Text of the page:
Devotional Transformation

Miracles, Mechanical Artifice, and Spectatorship in Indian Cinema


  • Ravi Vasudevan Centre for Developing Societies, Delhi



Hindu devotional film, Prabhat Studios


This article focuses on the specific Indian cinematic form of the Hindu devotional film genre to explore the relationship between cinema and religion. Using three important early films from the devotional oeuvre—Gopal Krishna, Sant Dnyaneshwar, and Sant Tukaram—as the primary referent, it tries to understand certain characteristic patterns in the narrative structures of these films, and the cultures of visuality and address, miraculous manifestation, and witnessing and self-transformation that they generate. These three films produced by Prabhat Studios between the years 1936 and 1940 and all directed by Vishnupant Damle and Syed Fattelal, drew upon the powerful anti-hierarchical traditions of Bhakti, devotional worship that circumvented Brahmanical forms. This article will argue that the devotional film crucially undertakes a work of transformation in the perspectives on property, and that in this engagement it particularly reviews the status of the household in its bid to generate a utopian model of unbounded community. The article will also consider the status of technologies of the miraculous that are among the central attractions of the genre, and afford a reflection on the relation between cinema technology, popular religious belief and desire, and film spectatorship.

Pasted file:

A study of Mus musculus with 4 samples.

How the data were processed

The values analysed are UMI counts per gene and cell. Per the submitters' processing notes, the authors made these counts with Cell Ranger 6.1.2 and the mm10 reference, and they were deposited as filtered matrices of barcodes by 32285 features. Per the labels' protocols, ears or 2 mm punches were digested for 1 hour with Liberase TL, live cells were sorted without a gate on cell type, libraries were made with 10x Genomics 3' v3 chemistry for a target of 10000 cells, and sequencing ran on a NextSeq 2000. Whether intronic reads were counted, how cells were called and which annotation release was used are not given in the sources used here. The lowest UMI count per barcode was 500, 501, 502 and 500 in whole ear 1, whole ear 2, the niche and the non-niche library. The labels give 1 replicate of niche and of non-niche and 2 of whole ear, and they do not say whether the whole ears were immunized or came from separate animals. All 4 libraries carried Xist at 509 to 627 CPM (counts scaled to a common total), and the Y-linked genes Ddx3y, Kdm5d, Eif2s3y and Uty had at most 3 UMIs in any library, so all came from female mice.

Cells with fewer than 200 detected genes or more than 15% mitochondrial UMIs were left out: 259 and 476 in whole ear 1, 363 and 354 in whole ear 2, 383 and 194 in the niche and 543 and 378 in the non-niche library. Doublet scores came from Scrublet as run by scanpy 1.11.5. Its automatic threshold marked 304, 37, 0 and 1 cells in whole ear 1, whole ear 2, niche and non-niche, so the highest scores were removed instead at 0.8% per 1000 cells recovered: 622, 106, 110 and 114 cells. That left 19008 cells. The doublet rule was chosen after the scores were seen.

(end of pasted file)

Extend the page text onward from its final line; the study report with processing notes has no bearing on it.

Author Biography

Ravi Vasudevan, Centre for Developing Societies, Delhi

Ravi Vasudevan is Senior Fellow, Centre for the Study of Developing Societies, Delhi, and is a co-initiator of the Centre's Sarai programme on urban and media research. Vasudevan studies history at Jawaharlal Nehru University and film studies at the university of East Anglia. He is on the editorial board of the British film studies journal Screen, and a member of the editorial collective of the Sarai Reader series. He has edited Making Meaning in Indian Cinema(Delhi, Oxford University Press, 2000). Centre for the Study of Developing Societies 29 Rajpur Road Delhi 110054 India



Vasudevan, R. (2005). Devotional Transformation: Miracles, Mechanical Artifice, and Spectatorship in Indian Cinema. Postscripts: The Journal of Sacred Texts, Cultural Histories, and Contemporary Contexts, 1(2-3), 237–257.